Asthma & Altitude

Have you ever taken a trip up to the mountains and noticed your asthma symptoms start to worsen? I know I have. I can remember countless trips up to the mountains when I was younger and feeling my lungs start to get more and more tight as we ascended upward into higher elevations. While not all asthmatics may experience asthma flare ups at higher elevations, for those who do it can certainly be a frightening experience. There are also some asthmatics who find that their asthma actually improves at higher elevations. For this post I am going to explore and explain both the benefits and potential downfalls of asthma and higher elevations.

Higher Altitude Downfalls

There are several different aspects of higher altitude that can pose some potential issues for asthmatics. Higher elevations are generally considered anything 5,000 feet above sea level or higher. Some asthmatics who are extra sensitive to altitude might have issues even below 5,000 feet, especially those who live at or near sea level who aren’t used to any altitude at all. This does not happen due to actual oxygen percentage being lower in the higher levels of the atmosphere (the percentage of oxygen is the same 21% at all altitudes), but rather the atmospheric (or barometric) pressure decreases as the elevation increases. In return, it decreases the the partial pressure of oxygen you breathe in, hence the driving pressure for the gas exchange that occurs in the lungs, making it harder to breathe.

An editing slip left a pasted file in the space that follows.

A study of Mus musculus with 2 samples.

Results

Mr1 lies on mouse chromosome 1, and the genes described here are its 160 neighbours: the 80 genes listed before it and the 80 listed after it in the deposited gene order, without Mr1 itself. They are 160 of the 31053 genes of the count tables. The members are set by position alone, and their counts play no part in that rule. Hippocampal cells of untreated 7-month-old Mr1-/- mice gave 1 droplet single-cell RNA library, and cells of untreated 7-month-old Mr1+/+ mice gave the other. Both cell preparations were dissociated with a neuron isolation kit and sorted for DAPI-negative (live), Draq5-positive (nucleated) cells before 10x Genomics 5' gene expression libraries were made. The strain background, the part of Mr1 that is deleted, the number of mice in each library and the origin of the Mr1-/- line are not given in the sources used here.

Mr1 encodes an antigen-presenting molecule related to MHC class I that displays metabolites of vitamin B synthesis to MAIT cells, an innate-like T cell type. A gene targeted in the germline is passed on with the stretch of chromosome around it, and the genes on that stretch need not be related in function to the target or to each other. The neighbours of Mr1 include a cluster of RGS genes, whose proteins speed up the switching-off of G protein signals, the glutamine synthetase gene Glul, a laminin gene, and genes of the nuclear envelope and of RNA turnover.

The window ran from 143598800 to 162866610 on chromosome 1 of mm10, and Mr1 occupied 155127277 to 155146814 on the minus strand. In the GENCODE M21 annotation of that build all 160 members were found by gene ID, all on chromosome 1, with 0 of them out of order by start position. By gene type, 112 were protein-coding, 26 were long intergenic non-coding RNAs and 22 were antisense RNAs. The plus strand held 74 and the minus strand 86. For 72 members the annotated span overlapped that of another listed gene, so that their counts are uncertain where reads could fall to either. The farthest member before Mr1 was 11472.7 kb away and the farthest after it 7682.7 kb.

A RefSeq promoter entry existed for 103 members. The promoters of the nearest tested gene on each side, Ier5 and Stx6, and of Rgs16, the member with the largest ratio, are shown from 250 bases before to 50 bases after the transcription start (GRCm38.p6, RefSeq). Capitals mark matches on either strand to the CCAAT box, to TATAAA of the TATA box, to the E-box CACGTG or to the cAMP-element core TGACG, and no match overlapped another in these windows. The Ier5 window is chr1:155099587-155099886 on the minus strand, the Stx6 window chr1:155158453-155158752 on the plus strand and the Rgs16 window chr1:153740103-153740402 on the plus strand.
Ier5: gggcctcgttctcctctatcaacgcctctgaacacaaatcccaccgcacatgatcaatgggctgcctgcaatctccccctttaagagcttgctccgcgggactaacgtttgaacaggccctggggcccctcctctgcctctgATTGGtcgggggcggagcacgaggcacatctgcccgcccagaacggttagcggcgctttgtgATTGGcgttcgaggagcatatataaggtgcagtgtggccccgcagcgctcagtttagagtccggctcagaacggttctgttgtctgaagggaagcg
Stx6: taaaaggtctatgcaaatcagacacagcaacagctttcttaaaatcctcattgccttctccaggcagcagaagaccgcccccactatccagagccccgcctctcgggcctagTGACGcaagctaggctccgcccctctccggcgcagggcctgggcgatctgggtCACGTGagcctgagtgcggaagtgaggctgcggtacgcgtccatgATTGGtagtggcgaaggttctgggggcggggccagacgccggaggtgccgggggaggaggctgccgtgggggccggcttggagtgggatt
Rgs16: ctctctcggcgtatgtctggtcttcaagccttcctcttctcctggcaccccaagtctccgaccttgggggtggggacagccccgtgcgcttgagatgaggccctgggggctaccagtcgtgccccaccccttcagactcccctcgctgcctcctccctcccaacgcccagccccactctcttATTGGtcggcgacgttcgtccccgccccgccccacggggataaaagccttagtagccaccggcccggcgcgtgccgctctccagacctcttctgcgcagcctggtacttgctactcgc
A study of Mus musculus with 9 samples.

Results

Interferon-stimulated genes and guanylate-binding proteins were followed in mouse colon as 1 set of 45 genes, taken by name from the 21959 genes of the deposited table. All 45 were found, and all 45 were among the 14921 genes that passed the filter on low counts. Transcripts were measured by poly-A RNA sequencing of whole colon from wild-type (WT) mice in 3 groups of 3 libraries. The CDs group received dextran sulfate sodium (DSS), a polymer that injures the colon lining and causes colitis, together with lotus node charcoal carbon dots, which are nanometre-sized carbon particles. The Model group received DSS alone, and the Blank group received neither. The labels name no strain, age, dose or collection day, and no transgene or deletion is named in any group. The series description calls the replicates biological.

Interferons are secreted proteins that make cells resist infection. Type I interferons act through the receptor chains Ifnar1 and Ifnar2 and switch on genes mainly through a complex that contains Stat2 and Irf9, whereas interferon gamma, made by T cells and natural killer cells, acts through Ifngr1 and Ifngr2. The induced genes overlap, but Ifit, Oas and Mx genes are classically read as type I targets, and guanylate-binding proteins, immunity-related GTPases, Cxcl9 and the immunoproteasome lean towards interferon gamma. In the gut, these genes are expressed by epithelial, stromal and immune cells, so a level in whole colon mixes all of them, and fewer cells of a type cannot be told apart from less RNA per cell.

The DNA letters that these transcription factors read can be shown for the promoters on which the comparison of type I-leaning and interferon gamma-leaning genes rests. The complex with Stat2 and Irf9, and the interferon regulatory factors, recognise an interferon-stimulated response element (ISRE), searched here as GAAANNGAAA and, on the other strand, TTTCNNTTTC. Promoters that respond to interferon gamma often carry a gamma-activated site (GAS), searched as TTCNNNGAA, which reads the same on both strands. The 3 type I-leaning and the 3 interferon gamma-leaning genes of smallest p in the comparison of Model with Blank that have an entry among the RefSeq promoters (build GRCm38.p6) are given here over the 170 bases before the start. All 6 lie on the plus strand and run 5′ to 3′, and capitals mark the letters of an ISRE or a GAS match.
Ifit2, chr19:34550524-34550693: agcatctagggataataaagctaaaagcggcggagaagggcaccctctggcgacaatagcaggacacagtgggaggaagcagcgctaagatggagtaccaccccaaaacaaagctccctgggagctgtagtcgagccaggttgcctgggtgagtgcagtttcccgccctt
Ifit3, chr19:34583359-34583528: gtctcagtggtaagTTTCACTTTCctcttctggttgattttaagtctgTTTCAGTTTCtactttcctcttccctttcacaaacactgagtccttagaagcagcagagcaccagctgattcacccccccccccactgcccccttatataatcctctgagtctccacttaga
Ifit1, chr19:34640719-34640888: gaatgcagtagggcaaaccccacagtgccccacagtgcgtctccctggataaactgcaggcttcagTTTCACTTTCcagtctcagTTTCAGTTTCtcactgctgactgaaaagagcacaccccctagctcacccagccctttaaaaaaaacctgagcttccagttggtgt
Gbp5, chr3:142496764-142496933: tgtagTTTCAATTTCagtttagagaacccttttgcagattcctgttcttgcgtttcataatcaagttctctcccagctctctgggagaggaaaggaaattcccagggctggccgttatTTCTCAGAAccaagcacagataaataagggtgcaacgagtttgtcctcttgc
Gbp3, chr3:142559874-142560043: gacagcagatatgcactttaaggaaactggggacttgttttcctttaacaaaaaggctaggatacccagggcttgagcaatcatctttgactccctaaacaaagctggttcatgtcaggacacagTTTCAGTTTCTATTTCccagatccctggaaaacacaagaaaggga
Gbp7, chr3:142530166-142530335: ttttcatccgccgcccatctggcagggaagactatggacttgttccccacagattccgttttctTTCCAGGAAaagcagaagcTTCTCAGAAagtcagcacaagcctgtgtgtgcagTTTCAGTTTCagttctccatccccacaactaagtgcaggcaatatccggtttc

Higher elevations also bring colder temperatures, not just during the cold winter months. This is also often times a trigger for many asthmatics. The cold temperatures along with the very dry air can be a horrible combination. The dry, cold air can dry out the mucus membranes in the lungs, which are the body’s natural defense mechanisms and in turn can cause increased allergy symptoms for those with allergic asthma. But even in asthmatics without allergies, the cold dry air can be a pretty significant trigger.

Higher Altitude Perks

Not every asthmatic will have an issue with higher altitudes. There are some asthmatics who will actually find their asthma gets better the higher they are in elevation. There is less air pollution which means you’re breathing cleaner air, which makes the lungs very happy! Another perk is the fact that when you get higher in elevation, there are less indoor living allergens such as dust mites which don’t do well the higher you go. The vegetation also changes as the elevation increases which can mean good news to some asthmatics (depending on your allergic triggers.)

As always, if you are planning a trip to areas that have higher than you are used to when it comes to altitude make sure you are prepared, especially if it is a place you have never been to before. I definitely recommend talking with your doctor and updating your asthma action plan before taking your trip. Keep your rescue inhaler &/or nebulizer handy and be sure to take your preventative asthma medications as scheduled. Also, take note of the closest hospital/medical facility “just in case.”

This article represents the opinions, thoughts, and experiences of the author; none of this content has been paid for by any advertiser. The Asthma.net team does not recommend or endorse any products or treatments discussed herein. Learn more about how we maintain editorial integrity here.